Anniston Star Interview with Kevn

Loyal fans recognize Drivin’ n’ Cryin’s sound right away, from the unique, high-pitched voice of lead singer Kevn Kinney to the strong, true-to-rock guitar riffs. While Drivin’ n’ Cryin’ is on tour promoting their newest album, The Great American Bubble Factory, this is far from their first rodeo.

“I think it’s our 10th album,” Kinney said laughing. “It’s on up there.”

The band is set to play at Brother’s Bar in Jacksonville on Saturday. According to Brother’s owner, Dan Noland, this is Drvin’ n’ Cryin’s first time playing at Brother’s more than eight years. He’s thrilled to have them back.

“The band is just great. Even after all this time, they still got it,” Noland said. “They still got this rock element, great songwriting and they’re just a great, great southern-rock band.”

Drivin’ n’ Cryin’ dates back to the mid-80s, when they almost instantly became a favorite of college listeners. The band now consists of Kinney on guitar and vocals, Tim Nielsen on bass and vocals, Dave Johnson on drums and Mac Carter on guitar.

Kinney and Nielsen are the band’s songwriters, and are responsible for the catchy lyrics of old-time favorites “Straight to Hell,” “Fly Me Courageous,” “Honeysuckle Blue” and many others. Kinney said that there’s no one way to write lyrics, but that he never just sits down and decides to write a song. Songs come to him while he’s driving down the road or pickin’ at his guitar in front of the TV. “Anyone can write a song,” Kinney said. “A good song should only take about a minute to write. You should just be able to write it down, and then put it away and not touch it.”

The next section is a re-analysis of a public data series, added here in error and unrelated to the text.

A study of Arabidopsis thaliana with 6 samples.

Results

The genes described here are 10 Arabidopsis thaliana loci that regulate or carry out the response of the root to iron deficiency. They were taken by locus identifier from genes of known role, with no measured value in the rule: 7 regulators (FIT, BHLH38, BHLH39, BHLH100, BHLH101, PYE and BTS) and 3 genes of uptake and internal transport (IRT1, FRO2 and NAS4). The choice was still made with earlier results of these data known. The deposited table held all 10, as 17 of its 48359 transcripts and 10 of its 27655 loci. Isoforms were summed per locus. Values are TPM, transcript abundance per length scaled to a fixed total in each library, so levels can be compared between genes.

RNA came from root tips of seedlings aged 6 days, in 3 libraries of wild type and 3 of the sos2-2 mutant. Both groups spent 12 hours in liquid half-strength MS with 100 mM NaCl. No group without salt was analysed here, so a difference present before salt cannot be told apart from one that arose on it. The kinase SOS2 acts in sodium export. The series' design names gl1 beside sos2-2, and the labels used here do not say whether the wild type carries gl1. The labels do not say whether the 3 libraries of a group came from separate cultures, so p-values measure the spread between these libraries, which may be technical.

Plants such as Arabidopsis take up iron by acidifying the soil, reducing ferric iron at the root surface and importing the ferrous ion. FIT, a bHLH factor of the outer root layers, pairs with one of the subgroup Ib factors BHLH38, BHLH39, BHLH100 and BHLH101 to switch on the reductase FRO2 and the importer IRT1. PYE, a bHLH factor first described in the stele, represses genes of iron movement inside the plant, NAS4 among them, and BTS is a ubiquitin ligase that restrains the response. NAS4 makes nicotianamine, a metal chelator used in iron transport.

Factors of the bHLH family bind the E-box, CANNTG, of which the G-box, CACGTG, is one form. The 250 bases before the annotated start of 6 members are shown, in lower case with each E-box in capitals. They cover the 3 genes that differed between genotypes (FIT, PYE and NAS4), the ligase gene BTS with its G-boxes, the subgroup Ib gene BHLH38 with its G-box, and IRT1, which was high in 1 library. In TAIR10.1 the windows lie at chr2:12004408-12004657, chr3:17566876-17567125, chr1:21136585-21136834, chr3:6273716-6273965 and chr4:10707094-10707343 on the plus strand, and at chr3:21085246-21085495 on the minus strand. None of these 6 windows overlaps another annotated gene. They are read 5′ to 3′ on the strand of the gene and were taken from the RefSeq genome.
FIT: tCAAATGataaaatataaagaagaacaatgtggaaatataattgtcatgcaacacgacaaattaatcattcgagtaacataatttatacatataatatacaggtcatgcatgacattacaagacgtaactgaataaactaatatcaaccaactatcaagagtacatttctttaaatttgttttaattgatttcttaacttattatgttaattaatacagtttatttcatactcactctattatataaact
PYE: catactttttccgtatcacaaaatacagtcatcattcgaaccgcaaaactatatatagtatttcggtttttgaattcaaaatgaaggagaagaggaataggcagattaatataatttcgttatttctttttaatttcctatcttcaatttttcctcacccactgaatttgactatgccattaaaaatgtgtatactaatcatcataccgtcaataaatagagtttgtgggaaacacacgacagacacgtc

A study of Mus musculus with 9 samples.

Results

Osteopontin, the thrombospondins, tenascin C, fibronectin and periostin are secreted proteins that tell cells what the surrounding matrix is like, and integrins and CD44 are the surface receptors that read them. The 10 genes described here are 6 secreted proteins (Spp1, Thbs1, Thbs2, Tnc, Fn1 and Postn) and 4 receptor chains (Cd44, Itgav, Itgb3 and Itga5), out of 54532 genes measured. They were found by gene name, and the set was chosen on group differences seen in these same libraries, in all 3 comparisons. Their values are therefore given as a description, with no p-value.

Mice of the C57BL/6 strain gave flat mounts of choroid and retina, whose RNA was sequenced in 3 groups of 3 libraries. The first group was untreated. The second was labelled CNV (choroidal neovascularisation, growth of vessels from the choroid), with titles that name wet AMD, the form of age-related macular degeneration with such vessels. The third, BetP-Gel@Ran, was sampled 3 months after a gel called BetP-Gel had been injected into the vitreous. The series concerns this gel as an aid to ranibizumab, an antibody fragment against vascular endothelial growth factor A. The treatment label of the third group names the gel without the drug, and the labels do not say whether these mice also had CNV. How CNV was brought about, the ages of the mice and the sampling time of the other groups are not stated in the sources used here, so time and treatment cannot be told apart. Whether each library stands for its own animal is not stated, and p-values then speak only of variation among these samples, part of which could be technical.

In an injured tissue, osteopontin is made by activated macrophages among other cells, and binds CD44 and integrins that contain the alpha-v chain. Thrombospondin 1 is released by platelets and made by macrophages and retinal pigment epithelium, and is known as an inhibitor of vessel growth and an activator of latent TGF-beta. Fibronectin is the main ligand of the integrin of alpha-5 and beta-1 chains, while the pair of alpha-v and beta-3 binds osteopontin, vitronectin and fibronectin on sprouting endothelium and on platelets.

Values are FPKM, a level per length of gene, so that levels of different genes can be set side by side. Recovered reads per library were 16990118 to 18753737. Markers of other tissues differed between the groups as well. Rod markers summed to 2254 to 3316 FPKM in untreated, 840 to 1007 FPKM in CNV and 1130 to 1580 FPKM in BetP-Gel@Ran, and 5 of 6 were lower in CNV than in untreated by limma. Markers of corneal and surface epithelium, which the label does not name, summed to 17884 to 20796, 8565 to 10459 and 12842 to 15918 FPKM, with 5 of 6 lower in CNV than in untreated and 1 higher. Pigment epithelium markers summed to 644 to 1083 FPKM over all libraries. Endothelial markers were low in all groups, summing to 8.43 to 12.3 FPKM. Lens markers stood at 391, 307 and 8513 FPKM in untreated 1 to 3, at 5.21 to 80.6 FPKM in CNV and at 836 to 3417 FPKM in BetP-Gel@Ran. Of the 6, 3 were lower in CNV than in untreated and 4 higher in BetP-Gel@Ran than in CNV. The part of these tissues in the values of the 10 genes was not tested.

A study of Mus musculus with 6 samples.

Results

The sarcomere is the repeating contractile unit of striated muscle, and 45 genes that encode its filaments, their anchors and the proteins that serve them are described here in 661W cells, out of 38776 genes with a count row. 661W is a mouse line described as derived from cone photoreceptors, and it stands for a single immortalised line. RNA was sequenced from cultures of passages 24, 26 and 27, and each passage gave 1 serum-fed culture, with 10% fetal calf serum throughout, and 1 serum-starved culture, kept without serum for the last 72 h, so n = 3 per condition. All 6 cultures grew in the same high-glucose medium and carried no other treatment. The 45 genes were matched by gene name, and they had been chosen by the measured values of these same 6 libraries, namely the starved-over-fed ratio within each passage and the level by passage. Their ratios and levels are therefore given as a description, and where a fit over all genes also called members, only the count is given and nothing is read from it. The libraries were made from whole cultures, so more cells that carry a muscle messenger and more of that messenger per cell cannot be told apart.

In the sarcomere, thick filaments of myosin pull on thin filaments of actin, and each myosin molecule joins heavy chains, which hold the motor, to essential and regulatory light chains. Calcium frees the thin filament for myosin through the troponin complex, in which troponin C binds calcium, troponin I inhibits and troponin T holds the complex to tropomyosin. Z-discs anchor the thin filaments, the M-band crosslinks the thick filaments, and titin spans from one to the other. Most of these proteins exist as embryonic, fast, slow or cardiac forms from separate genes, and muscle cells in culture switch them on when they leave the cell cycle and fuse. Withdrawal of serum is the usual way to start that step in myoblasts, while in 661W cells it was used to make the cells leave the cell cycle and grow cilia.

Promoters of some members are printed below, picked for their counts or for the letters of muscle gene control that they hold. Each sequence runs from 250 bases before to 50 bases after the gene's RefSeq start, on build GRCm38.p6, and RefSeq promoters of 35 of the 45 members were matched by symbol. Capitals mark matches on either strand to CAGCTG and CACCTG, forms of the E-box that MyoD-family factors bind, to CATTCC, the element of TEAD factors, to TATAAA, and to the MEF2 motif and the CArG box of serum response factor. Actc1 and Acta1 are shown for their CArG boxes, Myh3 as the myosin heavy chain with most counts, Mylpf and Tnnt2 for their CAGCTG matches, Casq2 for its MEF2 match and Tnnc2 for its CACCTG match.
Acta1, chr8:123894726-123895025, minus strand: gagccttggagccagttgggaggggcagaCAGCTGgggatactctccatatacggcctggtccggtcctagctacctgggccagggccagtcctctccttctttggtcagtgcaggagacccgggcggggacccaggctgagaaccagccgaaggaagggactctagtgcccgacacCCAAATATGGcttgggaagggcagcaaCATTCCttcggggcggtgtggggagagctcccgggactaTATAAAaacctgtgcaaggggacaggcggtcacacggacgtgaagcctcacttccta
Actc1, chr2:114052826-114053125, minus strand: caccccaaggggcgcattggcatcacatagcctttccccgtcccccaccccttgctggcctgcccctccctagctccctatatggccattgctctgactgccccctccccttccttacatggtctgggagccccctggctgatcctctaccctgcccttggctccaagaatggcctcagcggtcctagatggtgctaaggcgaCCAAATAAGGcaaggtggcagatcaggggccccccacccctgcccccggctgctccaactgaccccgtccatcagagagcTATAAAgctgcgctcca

One thing’s for sure about Drivin’ n’ Cryin’s sound — it’s hard to categorize. Drawing inspiration from musicians such as Hank Williams, Johnny Cash, John Denver, Bob Dylan, The Ramones and The Who, Drvin’ n’ Cryin’ aren’t afraid to jump genres.

“You know, Drivin’ n’ Cryin’ is its own kind of genre,” Kinney said. “People try to fit us into rock, alternative rock or Americana, but we are who we are.

We’ve created our own world.”

The Great American Bubble Factory features fresh songs with that familiar Drivin’ n’ Cryin’ sound. “I See Georgia” is about being homesick, Kinney said, while “Detroit City” kicks off the album with a solid and traditional rock ‘n’ roll sound. Kinney’s unique voice is recognizable no matter what song he

sings thanks to a certain twang that came about somewhat unintentionally. When Kinney first began singing with a band at age eighteen, he had to sing extra loud and high in order to hear himself above the music. “I really had to scream in this whiney voice to get above the band,” Kinney said. “It just kind of stuck.”

Three years ago, Kinney underwent the removal of a cyst on his vocal cord. After some rest, Kinney’s voice was good to go, and is still going strong today.

Kinney said he’s looking forward to playing at Brother’s again, and according to Noland, ticket sales are strong enough to possibly deliver a sold-out show. But don’t expect to see a set list for the band — Kinney said they never play the same show twice, and find set lists to be bad luck for the band.

“A set list is like a blueprint for us. It’s too structured,” Kinney said. “We just kinda feel it and do whatever we want to do. In Drivin’ n’ Cryin’ you have to know 120 songs, because I might play any of those at any time, and you have to know how to play it in ten seconds.”

Pelham’s in Jacksonville will be selling tickets prior to the day of the show for $15, or tickets may be purchased at Brother’s the day of the show for

$18. Doors open at 8 p.m., and the show will kick off around 10 p.m. with artist Sam Hunt. Expect Drivin’ n’ Cryin’ to dominate the stage around 10:45 or 11 p.m.

“I just hope everyone comes out to support the music and rock out,” Noland said. “We just couldn’t be happier to have them coming back and playing at Brother’s.”